Friday, 29 March 2013

Another wedding...

Today our house girl, Kayitese got married. She had her civil wedding.
When She came into the hall, I teared up and it took me everything to not be a blubbering mess.
We're the first job she has ever had. She came young, naive, wondering if the kids would learn to love her and more than a bit scared about working for a 'muzungu'. She's been with us for 1.5 years and she's great. The kids love her. They were begging to come to the ceremony today but they so don't understand the boredom that their mom and dad spared them! :-)
She has become like a daughter to me somehow ... she's an orphan and has a rough life. We just wanted to make sure that she feels like she belongs somewhere and that people care about her and I think we have accomplished that.
So... hence me tearing up. SO grateful that Isabella won't be getting married for MANY years and I have forbidden Prince to get married before he's 40... but I back down to 35 when he rolls his eyes at me! Not worrying about Beni just yet.

Kayitese and her husband Jean Claude

Saturday, 23 March 2013

Interns - Yes or No?

So a conversation I had with a fellow missionary here a week or two ago keeps rolling around in my brain.
She had come over to pick up a few things and we caught up with life. We got into discussing interns.
Definition - An individual who joins our ministry for a period of time up to one year is called an intern.
Are they worth the hassle?
Are they really worth the time and effort needed to orientate, lead, participate in meaningful ministry...?
International Teams Rwanda, whom we minister with, will host up to 4 interns per year. We`re getting three this year for periods of time from 6 weeks to one year. Looking forward to having each of them here for sure.
BUT there is always the risk.
Will they turn out to be all that we think they should and can be?
As we look over the years, we only see a few blips along the way in all the interns we have hosted. Most have been incredible assets to the ministry here - while they were here and after. We do know that hosting interns is part of who we are.
Our friend is just getting into hosting interns but thinking they`ll have more in the future. If they`re all like the current one, they are having second thoughts!
As we chatted, I reminded her that yes you need to screen them hard, it is okay to say no when they don`t seem to fit for one reason or another and that also God sometimes has other plans for that person - maybe they were brought here, not to fulfill all that you had planned for them but to speak into their lives - to allow them mature and grow up just a bit more in themselves and in their faith. Not a waste of time or money... just different than what we had planned.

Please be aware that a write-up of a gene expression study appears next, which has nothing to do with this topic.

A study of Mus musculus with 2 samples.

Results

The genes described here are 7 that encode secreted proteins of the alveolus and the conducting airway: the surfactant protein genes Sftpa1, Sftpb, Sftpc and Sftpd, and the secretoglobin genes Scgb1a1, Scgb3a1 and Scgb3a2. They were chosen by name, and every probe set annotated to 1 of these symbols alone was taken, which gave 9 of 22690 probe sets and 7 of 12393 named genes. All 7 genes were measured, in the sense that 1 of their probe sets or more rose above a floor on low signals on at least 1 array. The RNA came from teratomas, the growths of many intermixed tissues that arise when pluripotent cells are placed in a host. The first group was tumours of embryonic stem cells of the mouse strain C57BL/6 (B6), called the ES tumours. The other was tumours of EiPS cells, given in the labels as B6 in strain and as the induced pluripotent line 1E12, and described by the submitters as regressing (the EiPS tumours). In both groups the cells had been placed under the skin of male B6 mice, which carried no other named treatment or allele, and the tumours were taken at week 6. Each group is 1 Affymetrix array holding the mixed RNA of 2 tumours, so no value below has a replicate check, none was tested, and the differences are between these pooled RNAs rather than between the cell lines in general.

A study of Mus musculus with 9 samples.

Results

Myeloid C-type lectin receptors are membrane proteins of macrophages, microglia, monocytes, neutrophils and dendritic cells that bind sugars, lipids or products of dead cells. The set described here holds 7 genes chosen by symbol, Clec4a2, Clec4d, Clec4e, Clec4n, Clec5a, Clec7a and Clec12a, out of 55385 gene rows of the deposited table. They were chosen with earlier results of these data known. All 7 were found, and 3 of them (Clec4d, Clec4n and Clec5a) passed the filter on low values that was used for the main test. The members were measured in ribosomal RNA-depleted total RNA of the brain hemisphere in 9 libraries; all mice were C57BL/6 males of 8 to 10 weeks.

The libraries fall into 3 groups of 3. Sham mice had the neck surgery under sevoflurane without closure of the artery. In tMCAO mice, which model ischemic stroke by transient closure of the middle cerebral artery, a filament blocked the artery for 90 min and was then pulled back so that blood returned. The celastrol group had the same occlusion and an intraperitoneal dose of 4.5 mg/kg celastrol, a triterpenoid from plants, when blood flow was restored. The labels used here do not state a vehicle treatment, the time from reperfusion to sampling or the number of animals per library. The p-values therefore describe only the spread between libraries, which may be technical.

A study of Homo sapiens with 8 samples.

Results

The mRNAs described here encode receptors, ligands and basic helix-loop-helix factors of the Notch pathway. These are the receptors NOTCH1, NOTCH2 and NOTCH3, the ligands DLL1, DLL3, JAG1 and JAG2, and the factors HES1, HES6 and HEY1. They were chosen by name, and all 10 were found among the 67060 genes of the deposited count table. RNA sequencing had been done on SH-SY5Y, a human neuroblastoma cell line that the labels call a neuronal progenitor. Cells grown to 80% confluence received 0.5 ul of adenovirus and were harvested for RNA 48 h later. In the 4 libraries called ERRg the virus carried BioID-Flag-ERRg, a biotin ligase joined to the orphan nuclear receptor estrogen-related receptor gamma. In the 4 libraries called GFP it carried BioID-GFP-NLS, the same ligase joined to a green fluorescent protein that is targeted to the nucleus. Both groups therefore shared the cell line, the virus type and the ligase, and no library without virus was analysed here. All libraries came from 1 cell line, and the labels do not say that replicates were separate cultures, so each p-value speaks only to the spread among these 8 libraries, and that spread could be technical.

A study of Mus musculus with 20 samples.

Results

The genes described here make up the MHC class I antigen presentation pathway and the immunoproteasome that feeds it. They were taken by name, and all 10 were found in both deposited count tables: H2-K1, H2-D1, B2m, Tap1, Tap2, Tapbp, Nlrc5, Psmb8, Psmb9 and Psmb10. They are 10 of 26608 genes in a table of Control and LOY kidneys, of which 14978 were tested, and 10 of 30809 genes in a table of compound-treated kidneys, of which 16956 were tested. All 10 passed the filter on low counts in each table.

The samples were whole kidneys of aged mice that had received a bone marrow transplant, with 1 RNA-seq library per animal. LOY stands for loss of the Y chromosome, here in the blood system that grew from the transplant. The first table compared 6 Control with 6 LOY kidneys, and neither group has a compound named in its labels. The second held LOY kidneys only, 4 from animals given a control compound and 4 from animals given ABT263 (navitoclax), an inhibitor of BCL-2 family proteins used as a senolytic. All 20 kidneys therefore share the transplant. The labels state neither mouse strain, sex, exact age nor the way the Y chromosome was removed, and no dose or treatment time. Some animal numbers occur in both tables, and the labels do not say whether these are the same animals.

I have no idea who said it ... `Make the interruptions - God interruptions.`
Sometimes they just last for more than a few minutes...

Friday, 8 March 2013

International Women's Day

‘Equal access to education, training and science and technology: Pathway to decent work for women’

That is the theme for Rwanda this year.
They want to sensitize people in Rwanda to the ongoing need to promote girls education in the country.

As I reflect on our ministry here, I too have seen that need since the beginning. Girls can easily get jobs here as house help. They quit school, or more like, they are forced to quit school to work as house help to bring in some extra money for their family.

It's been a year or two now that Rwanda has mandated that ALL are to be in school for at least 9 years. That is good.

But just the other day I was sitting at my table talking with Liz about the refugee camp. Education there is a mess these days. They had a handover of leadership for the education in January and to say the least - life is not happening, and it's not the fault of those living in the camp. ARG! That said... Liz and I were talking about the Nathalie's dream. Nathalie is a go getter woman to say the least. She lives in the camp as a single mom with 5 kids and constantly and consistently does all she can to better the lives of others. Her latest...'Now there are even more girls who cannot go to school. What can I do for them? What skill can I help give them so they have something to try to earn a living to keep their dignity and self worth?'

That is what Liz and I were spending some time sorting through. I have no doubt that with Nathalie taking the lead, Liz working alongside her and the rest of us supporting as we can, the lives of girls in the camp will be changed.

Girls who feel they have no option but to prostitute, have no worth, no value, no purpose in life, will gain some and become the women they were created to be - women with purpose, women who are light.
Who knows how many girls will be impacted .. that doesn't matter. What matters is that we're doing something and will continue to do something until the world is just and there is no oppression.
Thinking it's called ... job security on our part!